While being a basketball junkie’s visual ambrosia, there’s little to no way that this would happen. Bryant’s aging body doesn’t need the extra wear of defending the 6’8″ 250-pound James for any amount of time, and James surely wouldn’t risk the possibility of a loss to Bryant further tarnishing his reputation as Ringless King James.

Still though…that hasn’t stopped the LA Times from looking into the question of who would win this epic matchup. From the LA Times Fabulous Forum, we have NBA players’ opinions on who would win between the Black Mamba and King James:

In one of a series of interviews at the Drew League vs. Goodman League rematch last month at Long Beach State, Oklahoma City forward Kevin Durant said Bryant would win.

“He’s probably the best one-on-one player in the game,” Durant said.

Washington Wizards point guard John Wall disagreed.

“Depends on how LeBron plays,” Wall said. “If he plays like he can with his size and his strength, like can’t nobody stop him when he goes to the basket, then I pick him.”

Perhaps New Orleans Hornets guard Trevor Ariza said it best.

“I don’t know,” he said, “but I know I would pay to watch that.”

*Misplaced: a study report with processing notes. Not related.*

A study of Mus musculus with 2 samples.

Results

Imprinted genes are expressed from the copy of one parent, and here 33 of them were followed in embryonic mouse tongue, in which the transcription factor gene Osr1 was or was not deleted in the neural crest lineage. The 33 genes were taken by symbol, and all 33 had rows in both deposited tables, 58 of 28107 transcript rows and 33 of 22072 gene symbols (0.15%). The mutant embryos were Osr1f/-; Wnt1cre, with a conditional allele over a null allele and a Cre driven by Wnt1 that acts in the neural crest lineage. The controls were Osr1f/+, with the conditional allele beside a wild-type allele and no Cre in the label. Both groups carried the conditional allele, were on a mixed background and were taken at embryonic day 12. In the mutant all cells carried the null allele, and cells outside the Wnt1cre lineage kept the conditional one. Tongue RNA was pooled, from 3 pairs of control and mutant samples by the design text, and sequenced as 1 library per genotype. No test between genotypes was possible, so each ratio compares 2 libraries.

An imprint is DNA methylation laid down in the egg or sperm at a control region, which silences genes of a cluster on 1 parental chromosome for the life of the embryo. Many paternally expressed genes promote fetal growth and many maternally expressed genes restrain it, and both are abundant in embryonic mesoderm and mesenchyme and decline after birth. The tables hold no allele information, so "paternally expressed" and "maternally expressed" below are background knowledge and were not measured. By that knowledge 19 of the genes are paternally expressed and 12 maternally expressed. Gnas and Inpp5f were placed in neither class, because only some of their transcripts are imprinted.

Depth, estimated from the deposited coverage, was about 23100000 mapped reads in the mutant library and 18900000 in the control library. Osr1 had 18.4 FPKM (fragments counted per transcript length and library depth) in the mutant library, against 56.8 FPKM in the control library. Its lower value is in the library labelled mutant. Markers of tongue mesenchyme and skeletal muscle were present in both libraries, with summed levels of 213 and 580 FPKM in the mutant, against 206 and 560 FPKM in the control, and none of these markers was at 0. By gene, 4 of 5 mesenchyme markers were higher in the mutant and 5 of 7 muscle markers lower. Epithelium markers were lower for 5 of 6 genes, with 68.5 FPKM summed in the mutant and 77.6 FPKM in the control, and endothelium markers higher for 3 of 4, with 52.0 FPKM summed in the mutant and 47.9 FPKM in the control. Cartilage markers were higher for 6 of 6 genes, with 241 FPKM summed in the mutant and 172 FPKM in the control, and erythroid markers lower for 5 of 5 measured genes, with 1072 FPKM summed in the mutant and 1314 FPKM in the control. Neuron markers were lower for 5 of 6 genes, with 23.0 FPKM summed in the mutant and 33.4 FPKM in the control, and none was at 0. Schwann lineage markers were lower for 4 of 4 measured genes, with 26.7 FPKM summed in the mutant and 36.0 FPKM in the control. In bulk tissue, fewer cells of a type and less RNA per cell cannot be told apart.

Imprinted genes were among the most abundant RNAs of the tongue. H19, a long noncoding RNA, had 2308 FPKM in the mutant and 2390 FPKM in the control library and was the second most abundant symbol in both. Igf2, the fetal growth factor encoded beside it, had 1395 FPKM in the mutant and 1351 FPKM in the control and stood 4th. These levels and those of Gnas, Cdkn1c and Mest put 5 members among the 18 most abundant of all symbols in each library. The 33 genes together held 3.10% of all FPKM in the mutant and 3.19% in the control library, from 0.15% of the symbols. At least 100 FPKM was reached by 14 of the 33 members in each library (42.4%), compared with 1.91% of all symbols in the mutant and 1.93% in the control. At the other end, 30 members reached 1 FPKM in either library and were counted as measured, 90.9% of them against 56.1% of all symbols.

In the same manner of a heavyweight fight, surely some sort of Pay Per View setup could be arranged between the athletes – the money would simply be too much to decline. After all, last month’s Mayweather-Ortiz fight generated 1.25 million PPV purchases generating $78.44 million in revenue. If some promoter were to give Bryant and James $20 million each and make it a one-on-one series, best out of five games to 11, how could this not easily break $100 million in revenue given the lack of basketball due to the lockout? Casual fans would be drawn in by the gimmick aspect of the event, and basketball diehards would surely dole out the funds to create such a sporting spectacle.

Trevor Ariza put it best in terms of interest for the event: there’s no way of knowing who would win, but there surely would be people willing to pay to find out.